Two Studies Find Promising New Ways to Detect Alzheimer’s Earlier


The Centers for Disease Control and Prevention estimates that 5 million Americans have Alzheimer’s disease, and while there are no effective treatments, experts believe detecting the disease early can help patients to strengthen memory and cognitive functions and potentially slow down the buildup of brain plaques that are the hallmark of the condition. Two studies, both published in the Journal of the American Medical Association, hint at potentially encouraging ways to identify those who might be at risk, at the earliest possible stages of the disease.


To study the connection further, the scientists asked 145 cognitively normal individuals aged 45 to 75, who were enrolled at the Alzheimer’s disease research center, to keep a diary of their sleep patterns for two weeks. The volunteers recorded when they went to bed, when they woke up in the morning, how many naps they took and whether they felt sleepy during the day. The scientists had the advantage of already having samples of the participants’ spinal fluid, so they could also match up the sleep records with the level of amyloid protein in the brain of each patient.

All of the participants slept about the same amount, but there were stark differences in the quality of that sleep. Thirty-two participants showed higher levels of amyloid buildup that was classified as preclinical Alzheimer’s disease and also had worse sleep quality. These volunteers were less likely to spend time their time in bed in restful, deep sleep than those with lower levels of amyloid.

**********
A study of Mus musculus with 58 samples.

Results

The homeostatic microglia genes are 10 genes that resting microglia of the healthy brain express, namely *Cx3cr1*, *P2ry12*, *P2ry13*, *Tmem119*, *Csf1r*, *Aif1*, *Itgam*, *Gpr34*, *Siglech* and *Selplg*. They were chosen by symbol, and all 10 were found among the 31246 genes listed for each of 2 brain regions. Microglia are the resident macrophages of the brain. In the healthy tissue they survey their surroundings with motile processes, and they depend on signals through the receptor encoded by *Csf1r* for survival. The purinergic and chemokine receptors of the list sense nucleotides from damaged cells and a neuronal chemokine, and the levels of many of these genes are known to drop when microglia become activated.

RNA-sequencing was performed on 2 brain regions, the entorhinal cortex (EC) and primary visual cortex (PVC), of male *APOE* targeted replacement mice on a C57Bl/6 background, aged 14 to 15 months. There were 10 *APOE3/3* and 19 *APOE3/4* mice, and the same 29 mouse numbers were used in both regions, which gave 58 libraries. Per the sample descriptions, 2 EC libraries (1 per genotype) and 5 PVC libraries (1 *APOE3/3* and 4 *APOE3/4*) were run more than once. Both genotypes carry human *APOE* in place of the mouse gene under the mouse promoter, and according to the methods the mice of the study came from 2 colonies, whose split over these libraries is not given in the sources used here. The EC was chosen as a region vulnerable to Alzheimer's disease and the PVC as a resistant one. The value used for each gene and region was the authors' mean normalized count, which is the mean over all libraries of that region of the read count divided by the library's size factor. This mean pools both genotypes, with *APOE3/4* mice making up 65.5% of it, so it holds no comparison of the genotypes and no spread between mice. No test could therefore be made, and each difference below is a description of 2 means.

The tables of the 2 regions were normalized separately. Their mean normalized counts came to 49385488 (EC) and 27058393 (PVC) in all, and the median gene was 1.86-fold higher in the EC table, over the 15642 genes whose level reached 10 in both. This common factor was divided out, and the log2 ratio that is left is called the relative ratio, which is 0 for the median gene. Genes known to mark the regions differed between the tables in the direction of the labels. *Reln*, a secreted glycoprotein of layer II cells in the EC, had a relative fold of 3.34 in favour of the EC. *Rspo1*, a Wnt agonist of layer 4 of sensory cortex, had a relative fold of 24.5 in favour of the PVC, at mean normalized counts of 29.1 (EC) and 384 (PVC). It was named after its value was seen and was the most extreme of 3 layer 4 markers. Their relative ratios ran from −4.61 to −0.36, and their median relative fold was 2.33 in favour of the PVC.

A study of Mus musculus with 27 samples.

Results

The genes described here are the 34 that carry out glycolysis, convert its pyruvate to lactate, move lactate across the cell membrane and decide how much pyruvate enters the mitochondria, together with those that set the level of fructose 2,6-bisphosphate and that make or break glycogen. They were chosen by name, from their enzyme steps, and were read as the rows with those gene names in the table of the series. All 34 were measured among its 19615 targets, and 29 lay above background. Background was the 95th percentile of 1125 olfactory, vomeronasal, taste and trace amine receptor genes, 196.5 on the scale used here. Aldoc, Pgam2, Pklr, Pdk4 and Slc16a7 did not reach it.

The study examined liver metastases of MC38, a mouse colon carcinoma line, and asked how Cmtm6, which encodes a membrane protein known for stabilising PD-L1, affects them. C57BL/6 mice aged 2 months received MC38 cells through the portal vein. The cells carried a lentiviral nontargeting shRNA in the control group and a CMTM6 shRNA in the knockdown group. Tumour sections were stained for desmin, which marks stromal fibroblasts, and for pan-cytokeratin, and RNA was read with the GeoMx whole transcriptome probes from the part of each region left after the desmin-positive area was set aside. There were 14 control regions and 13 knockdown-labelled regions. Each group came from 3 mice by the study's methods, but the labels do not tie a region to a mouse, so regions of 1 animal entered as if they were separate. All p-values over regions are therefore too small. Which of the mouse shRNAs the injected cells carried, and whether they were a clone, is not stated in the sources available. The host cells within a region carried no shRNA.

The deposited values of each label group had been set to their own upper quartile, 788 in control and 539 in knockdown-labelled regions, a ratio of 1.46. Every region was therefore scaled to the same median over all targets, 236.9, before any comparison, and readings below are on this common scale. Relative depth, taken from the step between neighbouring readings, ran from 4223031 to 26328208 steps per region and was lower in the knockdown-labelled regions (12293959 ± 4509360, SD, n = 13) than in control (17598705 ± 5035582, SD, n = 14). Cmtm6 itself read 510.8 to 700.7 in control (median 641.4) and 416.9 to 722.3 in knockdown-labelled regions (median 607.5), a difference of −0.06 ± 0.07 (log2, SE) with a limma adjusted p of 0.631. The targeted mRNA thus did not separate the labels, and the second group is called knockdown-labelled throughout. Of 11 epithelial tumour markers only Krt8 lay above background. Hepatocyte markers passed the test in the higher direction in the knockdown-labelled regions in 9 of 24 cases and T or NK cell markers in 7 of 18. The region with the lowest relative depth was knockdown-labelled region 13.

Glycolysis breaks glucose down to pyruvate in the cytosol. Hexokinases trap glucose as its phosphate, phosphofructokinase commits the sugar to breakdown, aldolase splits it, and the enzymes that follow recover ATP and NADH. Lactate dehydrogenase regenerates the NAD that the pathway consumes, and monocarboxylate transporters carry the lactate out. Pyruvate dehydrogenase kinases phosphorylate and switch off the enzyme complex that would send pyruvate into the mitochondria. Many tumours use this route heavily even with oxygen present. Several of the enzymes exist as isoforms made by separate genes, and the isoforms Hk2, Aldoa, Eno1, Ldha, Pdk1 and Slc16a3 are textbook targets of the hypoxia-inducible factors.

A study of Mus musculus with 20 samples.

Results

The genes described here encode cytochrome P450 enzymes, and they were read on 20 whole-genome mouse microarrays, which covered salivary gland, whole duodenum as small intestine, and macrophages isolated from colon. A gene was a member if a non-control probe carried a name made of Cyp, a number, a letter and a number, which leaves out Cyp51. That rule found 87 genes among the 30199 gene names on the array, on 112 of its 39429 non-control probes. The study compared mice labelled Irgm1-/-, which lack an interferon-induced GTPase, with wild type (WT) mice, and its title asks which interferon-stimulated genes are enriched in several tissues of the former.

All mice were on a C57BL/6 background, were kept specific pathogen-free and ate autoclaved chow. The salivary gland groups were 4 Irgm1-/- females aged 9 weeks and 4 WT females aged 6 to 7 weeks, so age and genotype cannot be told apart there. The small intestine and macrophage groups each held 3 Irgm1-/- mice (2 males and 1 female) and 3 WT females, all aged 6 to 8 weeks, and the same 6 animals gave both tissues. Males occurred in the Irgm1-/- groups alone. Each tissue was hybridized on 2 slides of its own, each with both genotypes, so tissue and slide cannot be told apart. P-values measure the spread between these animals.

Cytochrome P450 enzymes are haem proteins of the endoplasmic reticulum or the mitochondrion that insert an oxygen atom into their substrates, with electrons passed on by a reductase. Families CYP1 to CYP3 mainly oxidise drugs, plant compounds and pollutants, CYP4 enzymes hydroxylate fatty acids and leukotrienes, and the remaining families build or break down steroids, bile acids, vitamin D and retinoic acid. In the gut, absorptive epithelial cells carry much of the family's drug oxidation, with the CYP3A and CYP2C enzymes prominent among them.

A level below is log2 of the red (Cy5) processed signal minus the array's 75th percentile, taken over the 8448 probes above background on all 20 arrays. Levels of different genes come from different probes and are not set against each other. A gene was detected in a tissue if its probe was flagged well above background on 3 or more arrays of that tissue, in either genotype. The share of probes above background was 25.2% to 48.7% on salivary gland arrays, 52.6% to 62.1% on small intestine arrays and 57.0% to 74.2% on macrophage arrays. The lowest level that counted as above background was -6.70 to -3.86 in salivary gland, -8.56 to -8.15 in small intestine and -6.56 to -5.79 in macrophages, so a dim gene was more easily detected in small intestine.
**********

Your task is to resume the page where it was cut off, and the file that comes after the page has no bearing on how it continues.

Either way, the scientists believe sleep disturbances could not only help in identifying the most vulnerable populations but aid in the testing of new treatments. Measuring the effect that novel drugs or therapies have in improving sleep quality and lowering amyloid levels could serve as a marker for their effectiveness. “Sleep measures themselves could be used as markers of brain function, thereby facilitating faster and easier clinical trials of promising treatments in the preclinical and early clinical stages of Alzheimer’s disease,” the authors write.